A bold step towards changing the culture of deference in philanthropy

posted on: December 10, 2013


by Aaron Dorfman 

We all know about the culture of deference that permeates philanthropy: nonprofits are too afraid of reprisal to be critical of donors, many foundation assessments don’t get past foundation walls (sometimes they don’t go beyond executive offices!) and grantmakers rarely provide honest feedback to their peers.

Although there is a lot of talk in philanthropy these days about transparency and shared learning, not many foundation are walking the talk. This is hampering foundations’ abilities to learn from successes and failures – from our own work and those of others.

So it is with much excitement that we release the results of our assessment of the Winthrop Rockefeller Foundation. (Learn about our findings: View the press release.)

NCRP developed a new comprehensive appraisal tool based on our report Criteria for Philanthropy at Its Best and recommendations from Real Results: Why Strategic Philanthropy Is Social Justice Philanthropy to examine WRF’s impact on Arkansas’ communities.

We looked at how the foundation’s strategies and practices aligned with its goals, the outcomes and impact from its “Moving the Needle” agenda, the quality of WRF’s partnership with its grantees and other operational practices. It includes input from former and current grantees, applicants that did not receive funding, and other stakeholders such as government representatives, peer institutions and others.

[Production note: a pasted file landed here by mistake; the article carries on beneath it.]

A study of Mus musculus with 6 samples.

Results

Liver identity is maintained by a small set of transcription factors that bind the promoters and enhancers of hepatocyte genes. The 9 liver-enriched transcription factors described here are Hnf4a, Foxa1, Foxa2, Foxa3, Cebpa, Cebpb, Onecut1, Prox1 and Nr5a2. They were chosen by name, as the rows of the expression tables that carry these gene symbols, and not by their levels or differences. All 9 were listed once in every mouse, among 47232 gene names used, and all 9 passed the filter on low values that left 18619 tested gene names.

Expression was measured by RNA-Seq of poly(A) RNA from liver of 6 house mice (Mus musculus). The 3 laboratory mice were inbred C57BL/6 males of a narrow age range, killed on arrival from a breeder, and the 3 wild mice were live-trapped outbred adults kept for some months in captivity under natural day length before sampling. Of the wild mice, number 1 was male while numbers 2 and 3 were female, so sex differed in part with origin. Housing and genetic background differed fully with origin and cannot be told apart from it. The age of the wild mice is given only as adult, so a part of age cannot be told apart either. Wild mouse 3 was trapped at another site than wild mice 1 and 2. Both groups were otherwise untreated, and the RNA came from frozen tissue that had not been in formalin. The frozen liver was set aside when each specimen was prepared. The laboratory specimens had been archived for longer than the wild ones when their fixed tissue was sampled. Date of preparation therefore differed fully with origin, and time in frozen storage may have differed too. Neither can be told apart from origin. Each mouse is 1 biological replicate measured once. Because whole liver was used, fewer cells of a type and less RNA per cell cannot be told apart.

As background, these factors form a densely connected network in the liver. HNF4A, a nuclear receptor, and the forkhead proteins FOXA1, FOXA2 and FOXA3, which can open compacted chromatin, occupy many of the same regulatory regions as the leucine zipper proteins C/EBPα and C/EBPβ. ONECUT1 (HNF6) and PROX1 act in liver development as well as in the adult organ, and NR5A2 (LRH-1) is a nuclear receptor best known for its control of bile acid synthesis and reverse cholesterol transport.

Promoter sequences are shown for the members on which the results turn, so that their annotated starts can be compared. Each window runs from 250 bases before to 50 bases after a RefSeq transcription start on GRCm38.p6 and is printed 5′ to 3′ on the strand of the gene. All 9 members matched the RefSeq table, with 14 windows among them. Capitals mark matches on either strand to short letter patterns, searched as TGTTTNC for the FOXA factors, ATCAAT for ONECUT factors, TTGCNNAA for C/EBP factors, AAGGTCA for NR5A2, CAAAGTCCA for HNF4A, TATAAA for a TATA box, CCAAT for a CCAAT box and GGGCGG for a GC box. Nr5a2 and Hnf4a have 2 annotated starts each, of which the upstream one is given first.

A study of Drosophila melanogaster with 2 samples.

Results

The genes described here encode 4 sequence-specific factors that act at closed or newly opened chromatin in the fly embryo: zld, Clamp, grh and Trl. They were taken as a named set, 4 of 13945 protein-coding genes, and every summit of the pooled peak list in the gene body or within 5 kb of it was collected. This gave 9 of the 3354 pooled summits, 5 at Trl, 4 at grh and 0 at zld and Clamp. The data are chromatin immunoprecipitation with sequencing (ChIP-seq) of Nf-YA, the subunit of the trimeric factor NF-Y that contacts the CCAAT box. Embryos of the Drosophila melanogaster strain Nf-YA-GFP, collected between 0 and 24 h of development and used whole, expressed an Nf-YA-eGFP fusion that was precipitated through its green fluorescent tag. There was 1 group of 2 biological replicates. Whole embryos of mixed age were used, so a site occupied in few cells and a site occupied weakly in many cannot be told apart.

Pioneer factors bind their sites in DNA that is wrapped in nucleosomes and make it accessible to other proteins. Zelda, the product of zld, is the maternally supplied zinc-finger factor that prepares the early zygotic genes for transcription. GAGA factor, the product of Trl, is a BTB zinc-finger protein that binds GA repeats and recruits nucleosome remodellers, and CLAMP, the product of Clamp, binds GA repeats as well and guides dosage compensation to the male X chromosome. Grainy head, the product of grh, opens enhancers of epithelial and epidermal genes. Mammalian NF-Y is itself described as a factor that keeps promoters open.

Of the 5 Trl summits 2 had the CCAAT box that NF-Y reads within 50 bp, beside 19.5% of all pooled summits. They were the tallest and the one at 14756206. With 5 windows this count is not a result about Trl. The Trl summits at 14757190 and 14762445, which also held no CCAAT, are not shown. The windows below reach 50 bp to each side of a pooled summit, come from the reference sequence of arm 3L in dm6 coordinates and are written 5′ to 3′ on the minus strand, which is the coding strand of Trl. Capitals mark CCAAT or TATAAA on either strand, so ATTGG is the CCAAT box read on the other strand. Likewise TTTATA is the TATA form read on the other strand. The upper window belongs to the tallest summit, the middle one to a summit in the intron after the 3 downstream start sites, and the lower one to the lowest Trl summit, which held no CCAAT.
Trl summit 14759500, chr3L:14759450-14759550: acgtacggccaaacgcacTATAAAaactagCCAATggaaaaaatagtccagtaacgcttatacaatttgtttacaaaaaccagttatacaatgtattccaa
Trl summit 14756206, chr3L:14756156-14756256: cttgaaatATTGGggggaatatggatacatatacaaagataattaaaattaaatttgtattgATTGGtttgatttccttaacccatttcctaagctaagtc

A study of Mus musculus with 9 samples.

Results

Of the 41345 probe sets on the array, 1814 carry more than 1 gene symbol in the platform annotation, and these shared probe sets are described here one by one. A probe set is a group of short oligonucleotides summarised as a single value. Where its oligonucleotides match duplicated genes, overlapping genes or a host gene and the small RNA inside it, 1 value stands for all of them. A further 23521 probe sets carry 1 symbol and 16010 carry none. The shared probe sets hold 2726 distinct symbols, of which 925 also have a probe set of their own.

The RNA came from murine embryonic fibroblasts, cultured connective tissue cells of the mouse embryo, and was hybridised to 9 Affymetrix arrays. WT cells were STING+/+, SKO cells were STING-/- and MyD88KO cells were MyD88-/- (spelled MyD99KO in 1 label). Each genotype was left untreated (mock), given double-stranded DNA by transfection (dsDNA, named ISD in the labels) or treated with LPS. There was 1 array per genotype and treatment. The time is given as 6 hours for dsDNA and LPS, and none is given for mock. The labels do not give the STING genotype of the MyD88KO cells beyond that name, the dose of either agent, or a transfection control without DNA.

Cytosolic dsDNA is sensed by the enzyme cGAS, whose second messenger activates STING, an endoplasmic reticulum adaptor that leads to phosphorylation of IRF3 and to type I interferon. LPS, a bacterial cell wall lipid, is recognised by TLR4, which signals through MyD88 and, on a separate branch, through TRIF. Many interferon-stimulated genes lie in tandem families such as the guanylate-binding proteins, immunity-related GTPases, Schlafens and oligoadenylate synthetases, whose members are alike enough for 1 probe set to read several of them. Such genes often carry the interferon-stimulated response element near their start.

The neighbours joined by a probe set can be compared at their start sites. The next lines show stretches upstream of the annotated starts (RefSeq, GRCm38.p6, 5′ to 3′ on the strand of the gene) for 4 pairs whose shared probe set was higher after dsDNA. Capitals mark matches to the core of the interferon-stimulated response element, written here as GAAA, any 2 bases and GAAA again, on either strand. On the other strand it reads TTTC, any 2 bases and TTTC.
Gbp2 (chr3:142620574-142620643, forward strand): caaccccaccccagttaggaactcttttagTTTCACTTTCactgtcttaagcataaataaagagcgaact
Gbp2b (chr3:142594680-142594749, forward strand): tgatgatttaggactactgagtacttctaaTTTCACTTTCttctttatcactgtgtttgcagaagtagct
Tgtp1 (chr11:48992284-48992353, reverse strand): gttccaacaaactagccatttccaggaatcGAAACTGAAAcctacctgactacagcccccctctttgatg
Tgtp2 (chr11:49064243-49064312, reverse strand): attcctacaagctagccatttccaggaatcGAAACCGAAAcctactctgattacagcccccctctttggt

We appreciate WRF’s staff and leadership, especially Sherece West-Scantlebury, in their willingness to test out our methodology, receive critical feedback from NCRP and its stakeholders, and publicly share the results.

We need unvarnished, nuanced assessments like this to boldly change the culture of deference in our sector. And we need your help to make this happen!


Share your voice! Tell us why honest, constructive feedback in philanthropy is important to nonprofits and the communities we serve.

Aaron Dorfman is executive director of the National Committee for Responsive Philanthropy (NCRP). Follow NCRP on Twitter (@ncrp).